Published on: 02-May-2020

As the novel coronavirus ravages the economy, industries such as aviation have taken a severe beating - pushing some workers in these sectors to in-demand areas like healthcare. 

But with some roles added as a result of the pandemic limited in number and only temporary, labour market watchers warn that job redeployment is not enough to avert a looming layoff tsunami.

Since March, the Singapore Business Federation (SBF) has facilitated the transfer of work permit holders across companies and sectors. 

It now plans to extend the ManpowerConnect redeployment scheme to local workers, with support from other industry groups and government agency Workforce Singapore (WSG).

The benefits of redeployment include staff retention, skills upgrading, organisational flexibility, and cost savings from bringing on new employees, said Foo Maw Der, a professor at Nanyang Technological University's Nanyang Business School.

Besides the emergence of novel coronavirus roles such as temperature screening - which SBF chief executive Ho Meng Kit said require "largely generic" skills - restrictions on the return of work permit holders from abroad, as well as exit controls imposed by source markets such as China and Malaysia, have resulted in job openings.

Shrinking employment in the wholesale and retail trade, food and beverage services and accommodation was offset in the first quarter by growth in healthcare, public administration and professional services, according to early job market data from the Ministry of Manpower (MOM).

And efforts are under way to facilitate redeployment, with Prof Foo citing industry-level moves such as Singapore Airlines sending cabin crew to Khoo Teck Puat Hospital.

As job opportunities are expected to decline, policymakers also introduced the SGUnited Jobs Initiative in February with the aim of creating 10,000 positions this year - including short-term, temporary positions as Covid-19 ramps up business operations or disrupts the supply of labour.

Under the initiative, WSG last week launched a virtual career fair just for essential services workers. 
Salaries start at S$1,800 for the 1,500 roles on offer, such as occupational therapists, warehouse assistants, store manager trainees and health attendants.

In some industries, staff demand is red-hot. Mr Ho noted that private employers such as supermarkets or other providers of essential goods and services still need workers.

For instance, mail carrier Singapore Post had a shortfall of workers after "a good number of employees" were quarantined or on leave of absence when a Covid-19 cluster emerged at SingPost Centre in March. It has since opened posts of up to a few months to more than 300 people.

"These individuals come from a myriad of industries (that) have excess manpower right now, including aviation and logistics," said SingPost spokesperson Robin Goh. 
"We also worked with recruitment agencies (that) have a ready supply of temporary staff, many of whom are furloughed."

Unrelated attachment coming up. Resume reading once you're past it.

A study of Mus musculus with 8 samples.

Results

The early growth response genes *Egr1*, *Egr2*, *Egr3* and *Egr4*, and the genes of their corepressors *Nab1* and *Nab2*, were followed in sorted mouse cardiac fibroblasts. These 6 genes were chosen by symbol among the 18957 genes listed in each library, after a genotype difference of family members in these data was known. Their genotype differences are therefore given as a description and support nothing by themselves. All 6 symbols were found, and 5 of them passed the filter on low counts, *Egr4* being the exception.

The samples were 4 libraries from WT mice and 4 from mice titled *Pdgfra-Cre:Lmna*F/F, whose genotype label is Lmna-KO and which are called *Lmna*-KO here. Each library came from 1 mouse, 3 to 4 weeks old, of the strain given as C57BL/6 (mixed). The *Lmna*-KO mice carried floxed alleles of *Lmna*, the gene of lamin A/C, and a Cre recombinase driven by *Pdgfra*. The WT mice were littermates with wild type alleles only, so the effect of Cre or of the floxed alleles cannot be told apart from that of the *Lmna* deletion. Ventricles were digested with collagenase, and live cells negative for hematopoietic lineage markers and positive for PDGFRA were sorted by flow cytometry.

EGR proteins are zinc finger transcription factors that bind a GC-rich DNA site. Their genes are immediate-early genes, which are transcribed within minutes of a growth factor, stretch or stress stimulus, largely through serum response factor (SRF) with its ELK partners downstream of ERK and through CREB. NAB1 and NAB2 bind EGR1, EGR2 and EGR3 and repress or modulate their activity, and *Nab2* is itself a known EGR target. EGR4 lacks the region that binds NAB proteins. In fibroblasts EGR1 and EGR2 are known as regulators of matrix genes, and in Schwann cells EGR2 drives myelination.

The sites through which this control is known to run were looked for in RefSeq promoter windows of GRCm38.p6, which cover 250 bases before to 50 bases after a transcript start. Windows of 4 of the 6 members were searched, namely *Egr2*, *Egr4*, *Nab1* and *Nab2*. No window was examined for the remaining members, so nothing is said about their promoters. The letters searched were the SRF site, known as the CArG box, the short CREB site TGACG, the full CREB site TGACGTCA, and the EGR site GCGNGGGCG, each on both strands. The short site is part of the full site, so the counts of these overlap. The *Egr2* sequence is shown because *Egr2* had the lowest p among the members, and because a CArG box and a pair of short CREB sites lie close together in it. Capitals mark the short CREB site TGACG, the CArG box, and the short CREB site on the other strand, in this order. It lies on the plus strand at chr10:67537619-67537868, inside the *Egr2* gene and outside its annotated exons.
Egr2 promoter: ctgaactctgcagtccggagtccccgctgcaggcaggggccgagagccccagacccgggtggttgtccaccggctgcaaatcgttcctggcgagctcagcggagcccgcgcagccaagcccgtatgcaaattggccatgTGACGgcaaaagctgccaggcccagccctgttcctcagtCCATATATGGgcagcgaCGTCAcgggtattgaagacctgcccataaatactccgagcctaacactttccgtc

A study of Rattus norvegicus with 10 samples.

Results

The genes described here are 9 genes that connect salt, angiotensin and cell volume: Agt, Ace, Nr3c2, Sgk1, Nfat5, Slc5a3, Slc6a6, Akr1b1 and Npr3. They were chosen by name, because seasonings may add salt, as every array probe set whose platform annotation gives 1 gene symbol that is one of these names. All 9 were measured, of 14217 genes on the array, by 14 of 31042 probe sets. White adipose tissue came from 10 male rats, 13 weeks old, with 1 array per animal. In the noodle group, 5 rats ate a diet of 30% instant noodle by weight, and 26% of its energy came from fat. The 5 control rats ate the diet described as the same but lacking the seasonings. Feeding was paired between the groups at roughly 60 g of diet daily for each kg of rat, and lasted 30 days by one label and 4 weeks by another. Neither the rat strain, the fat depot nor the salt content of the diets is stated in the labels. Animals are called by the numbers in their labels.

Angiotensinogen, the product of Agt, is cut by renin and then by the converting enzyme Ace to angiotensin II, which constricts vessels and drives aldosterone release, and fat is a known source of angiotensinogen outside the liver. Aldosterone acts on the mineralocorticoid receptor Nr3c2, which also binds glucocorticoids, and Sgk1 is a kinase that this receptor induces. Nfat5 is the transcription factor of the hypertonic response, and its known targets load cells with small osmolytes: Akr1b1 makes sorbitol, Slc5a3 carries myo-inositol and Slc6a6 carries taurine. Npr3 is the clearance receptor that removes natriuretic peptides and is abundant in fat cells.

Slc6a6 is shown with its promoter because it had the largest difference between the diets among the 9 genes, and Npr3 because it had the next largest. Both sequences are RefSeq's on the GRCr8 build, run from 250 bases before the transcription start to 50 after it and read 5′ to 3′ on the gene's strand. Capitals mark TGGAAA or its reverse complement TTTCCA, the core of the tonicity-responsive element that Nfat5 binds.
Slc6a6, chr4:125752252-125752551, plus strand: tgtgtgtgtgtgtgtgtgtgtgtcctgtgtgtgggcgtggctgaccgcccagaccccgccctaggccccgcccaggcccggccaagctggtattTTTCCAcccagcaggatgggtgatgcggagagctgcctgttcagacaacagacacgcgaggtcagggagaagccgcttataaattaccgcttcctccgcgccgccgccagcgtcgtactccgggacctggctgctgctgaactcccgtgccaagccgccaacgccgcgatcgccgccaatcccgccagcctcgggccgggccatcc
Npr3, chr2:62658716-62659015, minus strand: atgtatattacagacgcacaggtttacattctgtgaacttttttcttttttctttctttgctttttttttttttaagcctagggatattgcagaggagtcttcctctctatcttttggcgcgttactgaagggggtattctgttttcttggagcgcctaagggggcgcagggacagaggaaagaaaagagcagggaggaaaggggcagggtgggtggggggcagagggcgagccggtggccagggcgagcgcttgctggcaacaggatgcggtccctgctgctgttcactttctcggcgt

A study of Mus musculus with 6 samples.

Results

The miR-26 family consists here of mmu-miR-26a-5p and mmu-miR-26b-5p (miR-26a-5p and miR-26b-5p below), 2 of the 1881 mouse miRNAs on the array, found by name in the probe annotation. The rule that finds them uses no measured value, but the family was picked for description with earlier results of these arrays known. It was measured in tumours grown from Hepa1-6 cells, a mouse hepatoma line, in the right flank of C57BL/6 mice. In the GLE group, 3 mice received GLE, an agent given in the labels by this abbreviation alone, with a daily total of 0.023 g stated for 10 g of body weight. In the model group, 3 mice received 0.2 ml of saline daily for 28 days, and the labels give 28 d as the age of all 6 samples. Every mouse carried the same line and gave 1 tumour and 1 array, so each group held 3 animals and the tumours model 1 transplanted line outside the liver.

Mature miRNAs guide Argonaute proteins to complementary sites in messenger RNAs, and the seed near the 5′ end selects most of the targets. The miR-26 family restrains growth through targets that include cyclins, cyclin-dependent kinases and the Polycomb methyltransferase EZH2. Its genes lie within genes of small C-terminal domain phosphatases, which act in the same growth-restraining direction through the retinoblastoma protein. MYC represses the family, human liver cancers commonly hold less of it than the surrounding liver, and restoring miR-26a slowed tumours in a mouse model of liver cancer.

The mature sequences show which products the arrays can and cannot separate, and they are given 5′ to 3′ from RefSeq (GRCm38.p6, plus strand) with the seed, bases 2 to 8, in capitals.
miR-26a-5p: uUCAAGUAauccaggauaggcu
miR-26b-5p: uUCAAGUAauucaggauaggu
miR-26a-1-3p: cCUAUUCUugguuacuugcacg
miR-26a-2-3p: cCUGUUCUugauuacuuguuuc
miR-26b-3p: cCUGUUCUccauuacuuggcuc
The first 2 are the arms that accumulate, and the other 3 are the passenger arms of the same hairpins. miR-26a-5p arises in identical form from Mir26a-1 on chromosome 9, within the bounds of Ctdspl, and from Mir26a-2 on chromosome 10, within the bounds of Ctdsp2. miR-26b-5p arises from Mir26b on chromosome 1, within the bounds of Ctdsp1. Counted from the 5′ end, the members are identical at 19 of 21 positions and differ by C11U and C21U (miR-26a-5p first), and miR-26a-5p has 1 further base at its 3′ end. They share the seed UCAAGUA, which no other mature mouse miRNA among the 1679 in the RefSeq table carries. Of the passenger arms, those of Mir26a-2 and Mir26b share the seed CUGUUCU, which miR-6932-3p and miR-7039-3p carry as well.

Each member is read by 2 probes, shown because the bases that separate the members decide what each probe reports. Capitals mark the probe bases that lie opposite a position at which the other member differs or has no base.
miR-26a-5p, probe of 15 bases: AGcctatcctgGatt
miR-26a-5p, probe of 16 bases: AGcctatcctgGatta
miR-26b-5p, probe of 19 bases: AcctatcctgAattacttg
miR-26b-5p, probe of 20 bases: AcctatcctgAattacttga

At HMI Institute of Health Sciences, an approved healthcare support trainer, about 75 per cent of trainees are tipped to land placements within four months of graduation. 

"The Covid-19 outbreak and global measures to prevent its spread (have) had a toll on the economy and reduced job opportunities in various industries," said executive director Tee Soo Kong. 
"We do see an increase in enquiries on the courses we provide."

Of the 187 students who joined HMI Institute in the first quarter, Mr Tee said that 86 per cent came from non-healthcare industries, such as retail, manufacturing or construction.

Still, "the fear is that some jobs could be lost permanently", according to Andrew Tan, country manager of hiring platform Wantedly.

Redeployment is not always cost-saving and can entail its own logistical challenges too. Mr Tan noted that reskilling may carry costs such as the time required for training.

Indeed, with a pandemic raging, Mr Tee said HMI Institute had to "fast-track skills training" while facing circuit-breaker movement controls.

Meanwhile, Prof Foo brought up the issue of who would be liable for overtime pay, injury compensation and other entitlements, when workers are shared between organisations with different insurance or collective agreements.

And, even with policy support efforts, the Monetary Authority of Singapore this week warned that "the large, abrupt shock to the Singapore economy is still likely to cause retrenchments and unemployment to rise".

The MOM, when asked, did not say how many of the planned SGUnited openings will be just temporary.

But BofA Asean economist Mohamed Faiz Nagutha, who estimates that job losses could hit 300,000 this year, surmised: "The impact of such redeployments in assuaging labour costs and layoffs will be very small. 

"Furthermore, with the enhanced circuit-breaker measures, most of these redeployed workers will almost certainly be deemed non-essential and asked to stay at home."

Still, Mr Ho, from the SBF, told BT: "These redeployment efforts, in the short term, will provide some immediate relief for workers whose livelihoods have been disrupted.

"For the longer term, we urge workers to also use this time to reskill and upskill themselves so they can be better prepared when recovery comes."